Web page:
Over the past two weeks, I’ve shared scans from a folder of Marvel Comics character write-ups I found in 1975 wedged between drawers in a Bullpen file cabinet. They all included suggestions for which celebrities you should think of when reading the word balloons belonging to your favorite superheroes. One set (the X-Men) I published in an issue of FOOM, the others (Captain America, Thor, the Sub-Mariner, Doctor Strange, the Hulk, Spider-Man, and Iron Man) went unseen until I posted them on this blog.

Now here comes the final such write-up, on the Fantastic Four.

But before you click through to check it out, pause for a moment and try to imagine—who did Marvel think Reed Richards was supposed to sound like? And how about Ben Grimm and the rest? Got a name? OK, then go for it!

Did you come close? Whether you did or not, I’m sure you’re wondering—who wrote these? And why?

Because of the clues contained in these sheets, I was fairly certain they could not have been written any later than 1965, and therefore there were few possible culprits. I suspected Stan Lee, though my Bullpen peers offered up a few other names, such as Stan’s brother, Larry Leiber, or Superman co-creator Jerry Siegel, who worked briefly for Marvel in the early days.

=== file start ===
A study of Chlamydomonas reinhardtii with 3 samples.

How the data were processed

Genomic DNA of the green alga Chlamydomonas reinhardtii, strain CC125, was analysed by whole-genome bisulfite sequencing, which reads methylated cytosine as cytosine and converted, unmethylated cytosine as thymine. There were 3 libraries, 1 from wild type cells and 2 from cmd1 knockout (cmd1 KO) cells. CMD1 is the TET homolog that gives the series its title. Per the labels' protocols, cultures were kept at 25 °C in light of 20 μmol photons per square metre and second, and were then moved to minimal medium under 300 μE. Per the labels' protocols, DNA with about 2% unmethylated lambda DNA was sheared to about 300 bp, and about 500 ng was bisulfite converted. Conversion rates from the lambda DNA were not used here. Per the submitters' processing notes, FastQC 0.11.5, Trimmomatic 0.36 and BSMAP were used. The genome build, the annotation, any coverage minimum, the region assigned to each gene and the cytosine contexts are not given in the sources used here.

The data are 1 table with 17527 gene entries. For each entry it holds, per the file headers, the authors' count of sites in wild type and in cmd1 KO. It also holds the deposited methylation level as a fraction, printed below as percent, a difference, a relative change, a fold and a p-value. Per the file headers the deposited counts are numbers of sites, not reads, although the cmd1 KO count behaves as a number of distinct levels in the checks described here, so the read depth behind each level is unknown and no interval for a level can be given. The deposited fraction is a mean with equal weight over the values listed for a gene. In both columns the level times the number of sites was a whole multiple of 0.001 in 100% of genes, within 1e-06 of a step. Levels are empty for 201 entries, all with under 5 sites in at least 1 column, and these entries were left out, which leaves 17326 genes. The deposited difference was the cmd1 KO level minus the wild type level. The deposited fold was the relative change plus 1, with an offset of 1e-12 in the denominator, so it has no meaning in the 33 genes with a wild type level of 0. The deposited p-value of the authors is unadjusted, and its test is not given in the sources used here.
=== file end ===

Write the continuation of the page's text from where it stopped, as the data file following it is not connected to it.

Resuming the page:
But why merely speculate, you might ask? Why not reach out to Stan himself?

And that’s exactly what I did.

Luckily, “The Man” is Internet-savvy, and I (to my great surprise) heard back within hours of shooting him a query.

Here’s what he had to say:

I THINK I wrote it. It looks like my typing. But I can’t swear to it. Did you ask Roy Thomas? He’s better at recognizing stuff than I am.

I just wouldn’t wanna testify to something that I’m not sure of. I’d say there’s a 75% chance that I wrote it.

So what did “Rascally” Roy have to add to that?

That’s good enough for me. I put the odds at anyone else writing at one out of ten, at best… probably closer to 1 out of 100.

But that still doesn’t answer the question—why were these written?

My best guess—based on a) when and where these were found, b) when I thought they were written according to clues within the character timelines, and c) which characters were chosen—was that these couldn’t have been put together any later than 1965, which would be in sync with them having been either guides or sales sheets relating to the 1966 Marvel Super Heroes cartoon show.

I still get goose bumps from that immortal theme song.

I asked Stan whether there was a connection between these write-ups and that series, and if there was wasn’t, what other reason he might have had for writing them. And he said:

Sorry, Scott, your guess is as good as (probably better) than mine.

There you have it. I’m not 100% sure that my guess is correct … but I’m confident. And unless someone goes through the files of the defunct Grantray-Lawrence Animation, the company that assembled the series, and finds a smoking gun in the form of its own copies of these, it’s unlikely we’ll ever know for sure. Take it all with whatever size grain of salt you deem necessary.

Thanks, Stan!

And, as always—Excelsior!

Originally published at Scott Edelman. You can comment here or there.